Let me begin by painting a quick picture.

“Many workplace practices are as harmful as secondhand smoke.”

“Workplace environments in the United States may be responsible for 120,000 excess deaths per year—which would make workplaces the fifth leading cause of death—and account for about $180 billion in additional health-care expenditures, approximately 8 percent of the total health-care spending.”

Job stress costs US employers more than $300 billion annually.

Seventy-nine percent of people who quit their jobs cite lack of appreciation as their reason for leaving.

“According to the Mayo Clinic, the person you report to at work is more important for your health than your family doctor.”

Fifty-eight percent of employees say they trust strangers more than their boss.

A whopping 73 percent of those surveyed say they work strictly for the paycheck.

Last, but certainly not least…

Fifty-eight percent of managers say they did not receive any management training whatsoever.

These staggering statistics illustrate the severity of the current crisis of suffering in the world of work. Most of us spend the vast majority of our lives at work, and what we give is infinitely greater than just our time and energy. Research shows what many of us already instinctively know: the way we work isn’t working anymore.

We leave work with less energy, less confidence in our skills and ability, and more frustration. Now we have confirmed research on the toll all of this stress and suffering takes on our health and well-being. As Jeffrey Pfeffer finds, we are literally dying for a paycheck.

Take a step back and simply reflect on the language you hear at work. These likely sound familiar: “She threw me under the bus,” or “He stabbed me in the back.” How about our everyday use of “targets,” “pick your battles,” “marshalling resources,” “command and control,” and even “execution?”

Language is powerful. Our words shape our experience and reflect our thinking patterns and beliefs. By taking a quick glance at our language, we can clearly see how we are filling the workplace with words of war and violence. What would our environment look like if it was filled with metaphors of love and collaboration?

This crisis of suffering occurs at all levels of the organization. People often look at those at the senior level or near the C-suite and imagine work is less brutal there.

Unfortunately, that is also not the case. There’s quiet, pervasive suffering at this level as well. Executives feel they must constantly prove themselves, never feeling psychologically safe. Worse, when executives feel the pressure to have all the answers, they hold back vital information, fail to consult, and actively block others for fear they’ll lose their position or perceived authority.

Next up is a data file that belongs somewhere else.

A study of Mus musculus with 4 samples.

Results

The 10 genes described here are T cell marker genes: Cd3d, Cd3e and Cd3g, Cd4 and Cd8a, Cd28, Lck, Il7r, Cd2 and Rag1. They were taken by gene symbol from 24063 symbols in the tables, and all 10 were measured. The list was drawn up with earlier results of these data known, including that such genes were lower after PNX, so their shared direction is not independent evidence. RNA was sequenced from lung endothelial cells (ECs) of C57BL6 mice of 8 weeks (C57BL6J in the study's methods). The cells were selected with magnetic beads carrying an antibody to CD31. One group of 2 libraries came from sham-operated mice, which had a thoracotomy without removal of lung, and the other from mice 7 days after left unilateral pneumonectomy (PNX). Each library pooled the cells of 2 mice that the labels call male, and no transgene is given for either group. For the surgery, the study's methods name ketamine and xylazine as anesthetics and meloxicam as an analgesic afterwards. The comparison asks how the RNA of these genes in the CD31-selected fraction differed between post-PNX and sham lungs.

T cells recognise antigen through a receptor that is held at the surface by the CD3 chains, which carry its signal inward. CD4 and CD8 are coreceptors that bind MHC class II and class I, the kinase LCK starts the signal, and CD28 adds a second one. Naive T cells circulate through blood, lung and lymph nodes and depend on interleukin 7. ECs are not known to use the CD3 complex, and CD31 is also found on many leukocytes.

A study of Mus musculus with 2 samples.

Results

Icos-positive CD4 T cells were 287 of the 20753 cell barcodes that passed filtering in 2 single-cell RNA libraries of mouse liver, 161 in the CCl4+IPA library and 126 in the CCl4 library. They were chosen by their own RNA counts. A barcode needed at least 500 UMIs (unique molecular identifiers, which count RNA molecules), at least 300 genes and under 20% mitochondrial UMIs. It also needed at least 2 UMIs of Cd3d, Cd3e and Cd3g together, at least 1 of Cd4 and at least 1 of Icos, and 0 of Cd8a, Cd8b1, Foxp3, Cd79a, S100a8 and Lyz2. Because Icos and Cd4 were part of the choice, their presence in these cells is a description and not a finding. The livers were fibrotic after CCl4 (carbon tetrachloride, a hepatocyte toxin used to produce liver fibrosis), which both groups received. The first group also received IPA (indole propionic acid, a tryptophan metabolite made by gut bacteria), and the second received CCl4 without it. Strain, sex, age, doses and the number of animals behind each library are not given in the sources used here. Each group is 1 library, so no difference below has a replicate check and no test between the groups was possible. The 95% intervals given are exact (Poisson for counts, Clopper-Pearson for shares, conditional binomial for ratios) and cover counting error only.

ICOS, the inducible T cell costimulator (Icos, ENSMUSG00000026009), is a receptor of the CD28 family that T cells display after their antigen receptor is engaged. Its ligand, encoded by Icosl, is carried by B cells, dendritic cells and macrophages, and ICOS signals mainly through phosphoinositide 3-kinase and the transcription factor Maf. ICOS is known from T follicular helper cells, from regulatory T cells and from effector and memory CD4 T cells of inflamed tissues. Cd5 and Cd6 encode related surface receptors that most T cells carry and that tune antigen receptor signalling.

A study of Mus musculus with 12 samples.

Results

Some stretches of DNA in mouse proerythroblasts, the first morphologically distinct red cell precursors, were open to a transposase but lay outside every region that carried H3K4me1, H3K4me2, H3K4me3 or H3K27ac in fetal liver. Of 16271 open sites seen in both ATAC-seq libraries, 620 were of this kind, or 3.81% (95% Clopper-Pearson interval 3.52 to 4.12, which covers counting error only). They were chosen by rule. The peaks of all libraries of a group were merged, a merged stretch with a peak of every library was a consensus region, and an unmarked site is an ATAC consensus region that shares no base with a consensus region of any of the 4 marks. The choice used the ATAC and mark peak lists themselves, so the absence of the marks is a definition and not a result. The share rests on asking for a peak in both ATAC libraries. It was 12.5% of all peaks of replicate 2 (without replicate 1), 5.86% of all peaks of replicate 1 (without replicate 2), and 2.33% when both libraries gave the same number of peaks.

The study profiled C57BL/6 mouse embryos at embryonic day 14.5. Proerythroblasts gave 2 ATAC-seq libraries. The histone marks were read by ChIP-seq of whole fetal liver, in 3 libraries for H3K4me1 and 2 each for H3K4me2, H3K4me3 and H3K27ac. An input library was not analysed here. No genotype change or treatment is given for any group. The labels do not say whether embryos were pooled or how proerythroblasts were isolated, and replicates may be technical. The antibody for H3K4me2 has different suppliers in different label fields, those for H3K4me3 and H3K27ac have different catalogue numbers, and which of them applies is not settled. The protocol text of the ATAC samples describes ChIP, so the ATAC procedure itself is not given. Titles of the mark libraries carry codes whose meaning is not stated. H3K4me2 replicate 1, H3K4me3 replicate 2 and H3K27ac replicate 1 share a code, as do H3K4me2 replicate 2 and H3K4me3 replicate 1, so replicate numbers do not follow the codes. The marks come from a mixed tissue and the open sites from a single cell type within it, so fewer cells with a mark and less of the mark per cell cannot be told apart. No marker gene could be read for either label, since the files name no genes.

The company and the executives themselves suffer from harmful competition and ego, wasted time and effort that could be spent on any number of more useful things. Unfortunately, these patterns ripple through the entire organization like a heavy rock dropped into a pond.

Fortunately, there are profoundly better ways of working. The suffering isn’t necessary! The old ways of management that brought us here aren’t working for the new world of work, but we can and will evolve beyond them.

My book is about embracing our own evolution and the evolution of our leadership beliefs, practices, and organizations. I offer deep insight into the beliefs and skills that will need to change, provide intentional practices to adopt, and describe case studies of organizations who have already successfully made the leap.

Evolved Executives and organizations not only thrive in the new world, often showing significant performance improvement compared to traditional organizations, but they do so while bringing purpose, meaning, and human connection to their employees and communities.

From my years climbing the corporate ladder, I’ve seen firsthand the suffering at work, but from my training in academia and my firsthand experience working with executives and leaders at evolving organizations, I can say with certainty there is a better way.

For more insight into how we can change the world of work to create happier and more productive companies, check out my book, The Evolved Executive: The Future of Work Is Love in Action.